Midwest’s Grim Harvest: Combine Goes Length of Football Field, Finds No Corn

Times Staff Writer

Autumn is delivering the grim harvest that farmer Don Engles forecast last July.

In mid-summer the Illinois farmer “kissed my corn goodby.” Now his combine moves across the dusty, drought-dried rows of yellow corn stalks reaping mid-summer’s prophesy. Land that last year produced 180 to 185 bushels of corn an acre is yielding as few as 29 bushels an acre and rarely more than 65 bushels this year.

“You can drive the length of a football field and not see an ear of corn go into the (combine),” said Engles. “Sometimes the fuel tank goes empty before the (combine’s) grain bin gets full. It really makes you feel humble.”

As the Heartland’s annual harvest of corn and soybeans reaches the midway point this week, Midwest farmers like Engles are at last learning the magnitude of the drought--and worrying about the effect it will have on next spring’s planting season.


Applying for Assistance

This is also the week when farmers who have been hurt by the drought began applying for federal assistance under the $3.9-billion disaster program that Congress approved in August. The aid will help those most seriously affected by the year’s extraordinary weather and farmers whose drought-weakened corn is infected with aflatoxin, a cancer-causing poison produced by mold that thrives in dry weather and makes some corn unsuitable for human or animal feed.

As one season ends and farmers begin to plan for next spring, rain is a paramount concern.

When measured in terms of rain shortfall, the 1988 drought now ranks as “the worst on record for principal agricultural regions,” according to a report prepared for President Reagan. During the May-to-July growing season, record low precipitation hurt crops in Iowa, Michigan, Minnesota, Mississippi, Montana, Wisconsin and Wyoming. It was the second worst year on record for rainfall in five other major agricultural states--Georgia, North Dakota, Illinois, Indiana and Ohio.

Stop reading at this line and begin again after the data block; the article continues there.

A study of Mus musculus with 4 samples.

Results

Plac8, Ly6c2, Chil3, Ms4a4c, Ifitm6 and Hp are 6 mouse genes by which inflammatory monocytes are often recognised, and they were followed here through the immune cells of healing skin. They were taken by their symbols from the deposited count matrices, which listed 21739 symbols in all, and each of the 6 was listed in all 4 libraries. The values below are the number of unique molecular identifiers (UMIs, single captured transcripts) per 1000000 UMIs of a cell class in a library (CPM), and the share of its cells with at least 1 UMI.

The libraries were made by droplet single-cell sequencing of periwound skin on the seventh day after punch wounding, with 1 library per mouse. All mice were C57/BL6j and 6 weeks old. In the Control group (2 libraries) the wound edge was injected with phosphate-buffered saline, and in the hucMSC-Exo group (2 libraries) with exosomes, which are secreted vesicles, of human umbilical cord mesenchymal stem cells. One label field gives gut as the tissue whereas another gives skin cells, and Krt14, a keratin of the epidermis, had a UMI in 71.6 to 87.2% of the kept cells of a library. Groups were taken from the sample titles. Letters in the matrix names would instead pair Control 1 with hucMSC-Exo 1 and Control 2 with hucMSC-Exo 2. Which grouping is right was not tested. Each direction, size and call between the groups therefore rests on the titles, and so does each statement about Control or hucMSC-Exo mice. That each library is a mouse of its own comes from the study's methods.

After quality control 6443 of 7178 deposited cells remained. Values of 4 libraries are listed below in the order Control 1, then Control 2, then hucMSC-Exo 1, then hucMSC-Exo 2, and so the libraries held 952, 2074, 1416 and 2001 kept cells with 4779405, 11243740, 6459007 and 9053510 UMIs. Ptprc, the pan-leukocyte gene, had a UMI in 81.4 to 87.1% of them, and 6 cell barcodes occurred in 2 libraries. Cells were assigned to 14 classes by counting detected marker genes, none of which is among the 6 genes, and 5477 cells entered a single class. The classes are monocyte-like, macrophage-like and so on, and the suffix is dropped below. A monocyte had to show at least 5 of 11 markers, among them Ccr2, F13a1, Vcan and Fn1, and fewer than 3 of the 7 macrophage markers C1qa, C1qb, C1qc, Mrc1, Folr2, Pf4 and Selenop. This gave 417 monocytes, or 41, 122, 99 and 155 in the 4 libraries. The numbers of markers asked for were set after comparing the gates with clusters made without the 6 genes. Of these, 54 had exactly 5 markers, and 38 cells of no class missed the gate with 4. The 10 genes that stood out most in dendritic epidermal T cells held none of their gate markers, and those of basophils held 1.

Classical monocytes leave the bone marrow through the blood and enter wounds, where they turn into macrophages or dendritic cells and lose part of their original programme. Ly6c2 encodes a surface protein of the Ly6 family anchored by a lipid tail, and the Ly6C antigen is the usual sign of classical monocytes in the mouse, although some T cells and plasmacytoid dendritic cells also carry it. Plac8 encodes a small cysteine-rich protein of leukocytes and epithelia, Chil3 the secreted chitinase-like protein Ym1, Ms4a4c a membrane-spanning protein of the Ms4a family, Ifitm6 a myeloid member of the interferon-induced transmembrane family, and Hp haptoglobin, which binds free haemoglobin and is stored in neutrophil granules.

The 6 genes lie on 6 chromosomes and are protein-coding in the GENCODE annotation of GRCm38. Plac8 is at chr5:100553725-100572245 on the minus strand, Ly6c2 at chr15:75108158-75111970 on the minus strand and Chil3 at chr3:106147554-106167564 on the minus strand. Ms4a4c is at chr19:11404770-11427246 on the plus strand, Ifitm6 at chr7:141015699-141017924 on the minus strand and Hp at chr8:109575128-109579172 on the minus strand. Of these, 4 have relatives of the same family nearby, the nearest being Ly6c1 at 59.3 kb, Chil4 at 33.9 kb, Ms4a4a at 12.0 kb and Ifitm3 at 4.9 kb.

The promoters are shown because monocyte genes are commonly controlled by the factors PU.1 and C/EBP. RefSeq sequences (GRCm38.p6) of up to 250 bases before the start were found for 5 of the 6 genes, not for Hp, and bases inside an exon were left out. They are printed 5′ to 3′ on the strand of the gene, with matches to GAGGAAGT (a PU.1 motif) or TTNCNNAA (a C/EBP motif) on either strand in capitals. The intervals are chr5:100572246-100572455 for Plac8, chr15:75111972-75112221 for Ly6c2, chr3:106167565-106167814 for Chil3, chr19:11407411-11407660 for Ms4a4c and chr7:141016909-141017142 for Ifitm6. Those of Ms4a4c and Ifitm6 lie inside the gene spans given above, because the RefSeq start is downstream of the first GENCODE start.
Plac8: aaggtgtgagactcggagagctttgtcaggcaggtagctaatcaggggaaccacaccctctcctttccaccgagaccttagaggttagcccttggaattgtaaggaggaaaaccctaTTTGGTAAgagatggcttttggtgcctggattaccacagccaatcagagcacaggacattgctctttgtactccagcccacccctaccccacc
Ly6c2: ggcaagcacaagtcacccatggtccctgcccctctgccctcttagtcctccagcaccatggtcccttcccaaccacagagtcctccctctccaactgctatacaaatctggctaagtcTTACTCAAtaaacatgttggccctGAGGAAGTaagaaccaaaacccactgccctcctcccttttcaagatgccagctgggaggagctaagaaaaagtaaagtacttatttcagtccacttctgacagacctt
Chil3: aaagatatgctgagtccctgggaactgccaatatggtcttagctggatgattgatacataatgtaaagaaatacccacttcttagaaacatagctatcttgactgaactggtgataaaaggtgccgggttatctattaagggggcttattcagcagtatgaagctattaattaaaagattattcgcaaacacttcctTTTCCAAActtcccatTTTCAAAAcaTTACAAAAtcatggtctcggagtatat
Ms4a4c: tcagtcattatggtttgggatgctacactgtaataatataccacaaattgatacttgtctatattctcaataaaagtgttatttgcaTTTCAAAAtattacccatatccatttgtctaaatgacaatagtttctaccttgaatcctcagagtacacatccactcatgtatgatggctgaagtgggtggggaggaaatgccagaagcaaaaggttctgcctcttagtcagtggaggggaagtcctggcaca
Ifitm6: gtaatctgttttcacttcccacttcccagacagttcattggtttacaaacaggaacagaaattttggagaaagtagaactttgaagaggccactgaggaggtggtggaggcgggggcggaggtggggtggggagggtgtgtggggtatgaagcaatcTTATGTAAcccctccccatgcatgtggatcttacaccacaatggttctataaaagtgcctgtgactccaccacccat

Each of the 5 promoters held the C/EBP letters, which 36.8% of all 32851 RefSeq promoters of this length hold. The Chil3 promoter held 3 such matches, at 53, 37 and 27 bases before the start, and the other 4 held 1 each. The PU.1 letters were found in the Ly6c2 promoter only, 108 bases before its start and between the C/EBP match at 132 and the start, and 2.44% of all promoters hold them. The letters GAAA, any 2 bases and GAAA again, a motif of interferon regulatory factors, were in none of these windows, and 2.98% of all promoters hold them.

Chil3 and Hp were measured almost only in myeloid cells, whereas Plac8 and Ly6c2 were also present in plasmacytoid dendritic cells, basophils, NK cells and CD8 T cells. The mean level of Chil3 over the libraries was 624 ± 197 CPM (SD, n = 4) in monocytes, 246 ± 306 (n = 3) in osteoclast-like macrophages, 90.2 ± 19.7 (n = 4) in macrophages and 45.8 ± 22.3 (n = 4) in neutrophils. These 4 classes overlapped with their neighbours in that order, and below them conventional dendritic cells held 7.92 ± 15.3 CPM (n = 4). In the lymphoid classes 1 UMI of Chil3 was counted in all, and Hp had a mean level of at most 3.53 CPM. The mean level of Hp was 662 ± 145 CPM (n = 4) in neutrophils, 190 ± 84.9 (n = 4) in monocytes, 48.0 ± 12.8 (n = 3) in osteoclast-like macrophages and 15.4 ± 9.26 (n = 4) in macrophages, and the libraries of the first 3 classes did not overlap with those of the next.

In Illinois, one of the nation’s most productive corn growing states in normal times, meteorologists are reporting shortages of up to a foot of rain since January. And a winter of heavy snow cannot make up for that deficiency.

‘Need Substantial Rains’

“Even if Illinois gets twice the normal snowfall it will not be sufficient,” said Wayne M. Wendland, the state’s climatologist. “We’re going to have to wait through the whole winter for March and April showers and thunderstorms. And then we’ll need pretty substantial rains.

“One of the concerns for next year is the need for spring showers to continue into the summer. If they don’t, there is not going to be a reserve of soil moisture for deep (crop) roots to tap,” said Wendland. “And the rainfall hasn’t turned around yet.”

The dry weather--coupled with extreme, prolonged heat throughout much of the Midwest and Southeast--is being blamed for an estimated 23% drop in soybean production this year and a nearly 40% drop in the corn harvest. The drought wiped out crops valued at an estimated $16 billion, the federal government’s inter-agency task force on drought reports.

Farmers are also concerned about the damage the drought did to the hybrid corn seed crop. “The system will be strained,” said David R. Lambert, director of governmental relations for the American Seed Trade Assn. “Hybrid corn seed production was down by 48%. We don’t anticipate a real crisis, but the system will be strained.”

More Corn to Be Planted

To compensate, seed companies raced to grow hybrid corn seed this winter in Florida, Texas and in Central and South America. A sharp increase in the number of acres dedicated to corn next year could make seed supplies even tighter. Currently the estimate is that between 75 million and 78 million acres will be planted next year, up by about 10 million acres over this year.


Supplies of other grain seeds are likely to be sufficient.

The drought may leave other marks on the landscape of American agriculture. In areas where corn and soybeans have been traditional crops for decades, farmers are reportedly planting winter wheat and planning to plant oats in the spring.

Planting wheat allows farmers to raise two annual crops on some land because there is time to plant soybeans after the wheat is harvested in the spring. Oats, a commodity once widely grown in the United States, has been in short supply in recent years, forcing some grain companies to import the commodity.

Plants Winter Wheat

Engles, who farms 560 acres in Mendota, Ill., planted 130 acres of winter wheat this year--only the second time in three decades of farming that he has planted the crop.

As for the drought?

“That’s life,” said the 48-year-old farmer. “It’s one of those 50-year droughts, and we got to learn to live with it.”